Thoughts on SOPA, PIPA, Piracy, and Democracy

Overheard in my classroom the day many sites went #blackoutsopa:

Boy 1: Dude, did you hear about the Google page today?

Boy 2: Ya, it’s so cool. Booooo! SOPA!!!

Girl 1: What’s SOPA?

Boy 1: The government wants to stop us pirating movies ‘n’ stuff.

Girl 2: WHAT?!?! Boooooooo!

Boy 2: Ya, I need to pirate stuff!

Are there more difficult teachable moments to enact than Wikipedia going black? As Clay Shirky reminds us, SOPA and PIPA are less about piracy and more about democracy. For my students, however, it’s challenging to take the conversation meaningfully in that direction. They don’t perpetually juxtapose a world of share, send, download, and upload  with one where we sat on a couch waiting for an old white guy to tell us about what was happening in the world. They don’t know that latter world. It’s a History Channel episode.

The ability to pirate video, audio, and gaming content means a lot to them, however. Want to see a group of kids collaborate like a pride of lions stalking buffalo? Ask them if they know how to get movie x or game y for free.

Yes, it’s so important that we engage students in learning about CC licensing, intellectual property, and the ethics of the internet. And, yes, most young people today are grossly ignorant about these issues. But, no, the best way to do this is not by wagging one’s finger like so many Just Say No educational videos. And, no, it’s not the kids that are the problem.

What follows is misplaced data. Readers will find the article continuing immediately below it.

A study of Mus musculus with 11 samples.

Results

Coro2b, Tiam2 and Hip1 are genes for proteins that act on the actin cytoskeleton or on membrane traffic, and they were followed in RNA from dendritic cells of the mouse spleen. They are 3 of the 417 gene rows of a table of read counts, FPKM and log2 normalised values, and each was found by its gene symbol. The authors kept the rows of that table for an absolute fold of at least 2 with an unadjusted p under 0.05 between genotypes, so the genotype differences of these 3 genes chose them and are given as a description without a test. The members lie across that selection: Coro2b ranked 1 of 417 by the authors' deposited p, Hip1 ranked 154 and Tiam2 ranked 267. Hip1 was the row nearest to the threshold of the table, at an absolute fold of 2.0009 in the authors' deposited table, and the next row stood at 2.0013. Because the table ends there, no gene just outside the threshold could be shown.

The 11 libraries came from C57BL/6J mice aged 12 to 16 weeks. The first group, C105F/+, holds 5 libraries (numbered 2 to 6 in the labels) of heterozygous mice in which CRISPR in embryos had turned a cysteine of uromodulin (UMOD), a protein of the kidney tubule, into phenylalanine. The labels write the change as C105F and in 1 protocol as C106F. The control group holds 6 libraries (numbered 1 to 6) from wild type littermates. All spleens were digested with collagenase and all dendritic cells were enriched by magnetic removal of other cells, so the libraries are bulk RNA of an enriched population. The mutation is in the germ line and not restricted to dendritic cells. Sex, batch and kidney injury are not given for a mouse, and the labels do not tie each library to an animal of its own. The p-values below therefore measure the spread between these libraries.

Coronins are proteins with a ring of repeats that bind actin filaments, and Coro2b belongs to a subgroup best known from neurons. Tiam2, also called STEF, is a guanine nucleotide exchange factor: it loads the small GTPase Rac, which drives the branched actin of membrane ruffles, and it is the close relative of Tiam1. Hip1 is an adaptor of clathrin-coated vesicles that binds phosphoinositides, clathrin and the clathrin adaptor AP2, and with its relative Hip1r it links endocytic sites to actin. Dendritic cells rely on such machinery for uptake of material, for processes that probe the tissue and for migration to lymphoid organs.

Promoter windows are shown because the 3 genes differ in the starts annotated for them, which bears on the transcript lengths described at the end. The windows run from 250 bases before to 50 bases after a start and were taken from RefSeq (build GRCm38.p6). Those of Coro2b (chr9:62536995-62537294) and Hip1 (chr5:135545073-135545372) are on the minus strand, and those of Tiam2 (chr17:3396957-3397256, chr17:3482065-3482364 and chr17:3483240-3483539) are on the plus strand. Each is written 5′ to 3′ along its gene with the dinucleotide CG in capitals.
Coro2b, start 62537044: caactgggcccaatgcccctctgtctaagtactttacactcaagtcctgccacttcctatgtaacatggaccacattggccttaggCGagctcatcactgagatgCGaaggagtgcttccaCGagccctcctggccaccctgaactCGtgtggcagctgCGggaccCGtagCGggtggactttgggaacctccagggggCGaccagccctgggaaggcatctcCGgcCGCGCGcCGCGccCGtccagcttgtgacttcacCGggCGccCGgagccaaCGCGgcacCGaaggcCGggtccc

All of us adults are conveniently looking the other way when we pretend that swiping the credit card for the hardware is the end of the transaction. We’re also turning our glances when we say we are against downloading the Harry Potter movie yet will work that Xerox machine in the copy room until you can cook an egg on it.

Now, to get off my own soapbox and back to that teachable moment…

Do you know what made it a lot easier to have a discussion about SOPA and PIPA in my class? The fact that my students post regularly to the internet, comment on one another’s work, receive comments from the far reaches of the globe, remix work, share links, and honour CC licensed work.

I asked the students how they would feel if their ability to do all of things was restricted, or even taken away, without debate or a tribunal of some variety. The room went silent for a minute which felt like an hour, but we proceeded to have a rich discussion about democracy without ever mentioning the word itself.

I know they still care much more about whether the next Eminem song will get on their iPods, but at least we were speaking about something we really know, not just have heard of.

You may be able to stop people from sharing their creations, but you can’t unlearn the power of the act itself. Stop SOPA and PIPA.